This structure works well for:

  • Nonprofits that organize their programs by life stage (such as “Early Childhood” and “Adolescence”)
  • Organizations that would rather not maintain a blog (although we strongly recommend you do so)
Website structure diagram showing a primary navigation with Home, About Us, Our Programs, Get Help, and Get Involved

When using this structure, be sure to:

  • Use Clear Life Stage Names – Since life stages are the organizing principle in this structure, it’s crucial to use language that’s accessible to all of your visitors. Once you’ve developed the names of each life stage, run them by members of your target audience (or even friends with less knowledge of your field). Doing so will help ensure they’re clear to all of your visitors.
  • Avoid Including One Program Page in Multiple Life Stages – This is most problematic if you have a program that spans multiple life stages. However, it can be very confusing for visitors to see the same page in multiple locations in your navigation. To solve this issue, we recommend picking the life stage where the program begins and making that the home for the program. You can always link back to the program page from the content within other life stages.
  • Consider Breaking Large Programs into Multiple Pages – If your program is too large to live in one distinct life stage, you could break the program up into a series of individual pages. For instance, instead of one gigantic “Afterschool Care” program page that spans multiple life stages, you could create individual pages called “Early Childhood Afterschool Care” and “Afterschool Care for Adolescents” to place each within their respective life stage. This also allows you to more concretely outline the details of the program since you don’t have to cover all of the life stages on one page.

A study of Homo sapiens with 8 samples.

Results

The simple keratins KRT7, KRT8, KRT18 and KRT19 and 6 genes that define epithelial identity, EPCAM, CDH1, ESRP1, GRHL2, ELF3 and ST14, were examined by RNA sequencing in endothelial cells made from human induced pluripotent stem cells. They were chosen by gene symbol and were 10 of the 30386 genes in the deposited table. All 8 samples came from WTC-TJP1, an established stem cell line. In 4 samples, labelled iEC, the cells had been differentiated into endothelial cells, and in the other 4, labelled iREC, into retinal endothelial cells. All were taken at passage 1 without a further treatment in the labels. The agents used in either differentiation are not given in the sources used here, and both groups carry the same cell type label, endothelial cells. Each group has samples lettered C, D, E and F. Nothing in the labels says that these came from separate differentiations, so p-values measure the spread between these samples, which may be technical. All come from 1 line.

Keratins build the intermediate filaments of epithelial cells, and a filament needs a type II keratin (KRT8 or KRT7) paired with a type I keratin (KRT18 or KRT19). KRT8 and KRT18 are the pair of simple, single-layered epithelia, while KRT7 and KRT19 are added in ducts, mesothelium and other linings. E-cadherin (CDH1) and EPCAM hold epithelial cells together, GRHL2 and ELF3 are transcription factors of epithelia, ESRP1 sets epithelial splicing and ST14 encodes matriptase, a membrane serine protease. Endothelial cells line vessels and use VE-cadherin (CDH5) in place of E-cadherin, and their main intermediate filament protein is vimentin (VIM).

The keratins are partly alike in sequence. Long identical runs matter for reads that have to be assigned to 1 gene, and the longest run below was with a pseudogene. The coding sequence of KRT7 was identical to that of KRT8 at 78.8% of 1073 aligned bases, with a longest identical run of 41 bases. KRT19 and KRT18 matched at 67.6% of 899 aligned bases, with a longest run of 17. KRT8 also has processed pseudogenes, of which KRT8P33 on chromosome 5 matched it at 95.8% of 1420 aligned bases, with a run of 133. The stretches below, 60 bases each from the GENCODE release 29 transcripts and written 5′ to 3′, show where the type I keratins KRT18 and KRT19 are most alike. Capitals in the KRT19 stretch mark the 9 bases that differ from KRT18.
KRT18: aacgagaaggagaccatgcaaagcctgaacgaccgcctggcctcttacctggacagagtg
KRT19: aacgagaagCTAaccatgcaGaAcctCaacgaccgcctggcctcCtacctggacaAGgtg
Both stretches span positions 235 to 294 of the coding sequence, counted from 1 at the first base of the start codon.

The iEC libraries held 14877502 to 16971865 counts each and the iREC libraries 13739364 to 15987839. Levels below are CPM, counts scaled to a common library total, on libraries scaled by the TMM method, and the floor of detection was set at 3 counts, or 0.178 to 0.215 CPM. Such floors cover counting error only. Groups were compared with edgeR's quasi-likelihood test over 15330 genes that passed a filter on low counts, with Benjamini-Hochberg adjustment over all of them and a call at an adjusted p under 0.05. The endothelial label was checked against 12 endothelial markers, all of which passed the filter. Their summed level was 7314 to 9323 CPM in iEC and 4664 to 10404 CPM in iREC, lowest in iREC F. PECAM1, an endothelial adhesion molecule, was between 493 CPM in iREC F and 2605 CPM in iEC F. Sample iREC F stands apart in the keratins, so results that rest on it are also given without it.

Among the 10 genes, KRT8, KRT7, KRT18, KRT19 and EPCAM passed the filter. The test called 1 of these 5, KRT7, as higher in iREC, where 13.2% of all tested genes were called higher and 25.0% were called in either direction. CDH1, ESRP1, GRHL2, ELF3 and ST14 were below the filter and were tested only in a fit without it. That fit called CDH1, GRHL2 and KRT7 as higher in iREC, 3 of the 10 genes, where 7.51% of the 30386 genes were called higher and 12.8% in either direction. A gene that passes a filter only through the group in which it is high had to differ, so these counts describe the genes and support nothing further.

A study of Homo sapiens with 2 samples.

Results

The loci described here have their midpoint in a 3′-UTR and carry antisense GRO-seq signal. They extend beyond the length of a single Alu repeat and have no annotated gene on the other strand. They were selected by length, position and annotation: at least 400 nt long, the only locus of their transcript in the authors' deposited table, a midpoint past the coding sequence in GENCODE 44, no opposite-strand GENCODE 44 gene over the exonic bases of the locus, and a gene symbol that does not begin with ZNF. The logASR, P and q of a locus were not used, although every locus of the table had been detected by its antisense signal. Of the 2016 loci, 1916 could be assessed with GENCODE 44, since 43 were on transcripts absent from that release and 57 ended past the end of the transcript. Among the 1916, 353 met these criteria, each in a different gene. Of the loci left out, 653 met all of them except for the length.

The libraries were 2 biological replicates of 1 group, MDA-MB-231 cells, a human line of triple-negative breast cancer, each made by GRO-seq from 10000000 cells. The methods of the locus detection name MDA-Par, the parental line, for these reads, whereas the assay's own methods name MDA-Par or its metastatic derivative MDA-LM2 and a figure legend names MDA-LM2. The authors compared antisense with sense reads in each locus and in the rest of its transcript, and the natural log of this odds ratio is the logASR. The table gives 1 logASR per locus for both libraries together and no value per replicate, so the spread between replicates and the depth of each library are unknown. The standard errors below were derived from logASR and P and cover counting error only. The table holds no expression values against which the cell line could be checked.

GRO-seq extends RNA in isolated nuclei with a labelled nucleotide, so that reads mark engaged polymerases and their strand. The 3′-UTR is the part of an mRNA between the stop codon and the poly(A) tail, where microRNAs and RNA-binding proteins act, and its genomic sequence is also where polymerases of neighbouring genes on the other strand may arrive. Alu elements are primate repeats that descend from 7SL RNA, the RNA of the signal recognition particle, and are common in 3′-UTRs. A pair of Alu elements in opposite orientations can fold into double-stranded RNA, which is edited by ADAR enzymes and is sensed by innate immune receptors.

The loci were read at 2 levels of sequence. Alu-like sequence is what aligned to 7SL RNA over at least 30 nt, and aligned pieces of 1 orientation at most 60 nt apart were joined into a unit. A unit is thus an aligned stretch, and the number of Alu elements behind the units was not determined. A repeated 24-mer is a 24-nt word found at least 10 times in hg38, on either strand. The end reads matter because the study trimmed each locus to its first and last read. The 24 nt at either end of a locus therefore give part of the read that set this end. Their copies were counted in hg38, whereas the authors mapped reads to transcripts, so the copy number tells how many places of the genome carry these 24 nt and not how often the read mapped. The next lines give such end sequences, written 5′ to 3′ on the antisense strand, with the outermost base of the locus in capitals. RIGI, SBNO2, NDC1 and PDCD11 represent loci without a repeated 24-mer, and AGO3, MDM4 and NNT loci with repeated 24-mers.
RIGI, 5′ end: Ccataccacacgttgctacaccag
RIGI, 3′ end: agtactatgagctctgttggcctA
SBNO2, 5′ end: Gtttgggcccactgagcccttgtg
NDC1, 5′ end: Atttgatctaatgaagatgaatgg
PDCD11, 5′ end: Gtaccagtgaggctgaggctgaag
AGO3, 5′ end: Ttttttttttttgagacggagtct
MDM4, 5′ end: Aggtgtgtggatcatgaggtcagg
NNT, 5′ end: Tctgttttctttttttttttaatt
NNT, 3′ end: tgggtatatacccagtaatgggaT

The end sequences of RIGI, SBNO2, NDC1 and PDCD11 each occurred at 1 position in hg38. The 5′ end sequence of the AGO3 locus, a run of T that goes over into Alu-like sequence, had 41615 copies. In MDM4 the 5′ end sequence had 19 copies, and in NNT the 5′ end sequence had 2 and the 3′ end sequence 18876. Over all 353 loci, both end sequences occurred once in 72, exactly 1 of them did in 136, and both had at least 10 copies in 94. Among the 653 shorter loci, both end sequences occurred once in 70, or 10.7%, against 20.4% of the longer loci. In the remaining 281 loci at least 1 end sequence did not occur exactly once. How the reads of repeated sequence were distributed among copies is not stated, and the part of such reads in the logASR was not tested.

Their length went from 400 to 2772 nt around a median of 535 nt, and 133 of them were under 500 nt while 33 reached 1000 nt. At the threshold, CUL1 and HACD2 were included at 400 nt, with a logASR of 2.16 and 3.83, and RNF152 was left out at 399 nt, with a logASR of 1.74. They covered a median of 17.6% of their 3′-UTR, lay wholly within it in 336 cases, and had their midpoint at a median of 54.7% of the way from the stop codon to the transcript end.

• Adjust the “Get Help” Page Name to Fit Your Audience – Be sure to adjust this language to whatever will resonate with your audience. You could try “Get Support” or “Get Services” if those are a better fit. Just try to keep it fairly short so it doesn’t crowd your navigation.
  • Clearly Highlight Next Steps on Program Pages – On each individual program page, make it clear to your visitors how to take the next step if they’re interested. This could include filling out a form, sending you an email or giving your offices a call. Regardless of what the next step looks like, make it clear and consider a prominent button or call to action so your visitors don’t miss it.

All Website Structures

For nonprofits that don’t need a lot of complexity to talk about key programs and services, use our sample sitemap and tips to build a website structure. View the Simple and Classic structure.

Is your nonprofit driven by 2-3 program areas? Use our sample sitemap and website tips to create a structure that appeals to supporters and participants. View the Driven by Programs structure.

If your nonprofit organizes program by the age of your constituents, this sample website structure can help, including the option to add or remove a blog. (You are here.)

Many nonprofits offer one core offering, like a school, summer camp or food bank. Use this website structure to share your program, stories and impact. View the One Main Program structure.

For nonprofits that offer direct services to clients in the community, this website structure offers a way for visitors to reach out and take next steps. View the Direct Service Provider structure.

If your nonprofit focuses on conducting or funding research and wants to educate the public to build support for your cause, use this website structure. View the Driven By Research structure.

Learn how to build a website structure that works best for groups that do programming and policy, such as educational, environmental or medical nonprofits. View the Programs and Policy structure.

Does your nonprofit focus on policy without programs? Or maybe you publish research? Use this template sitemap and helpful tips to build your website. View the No Programs, Just Policy structure.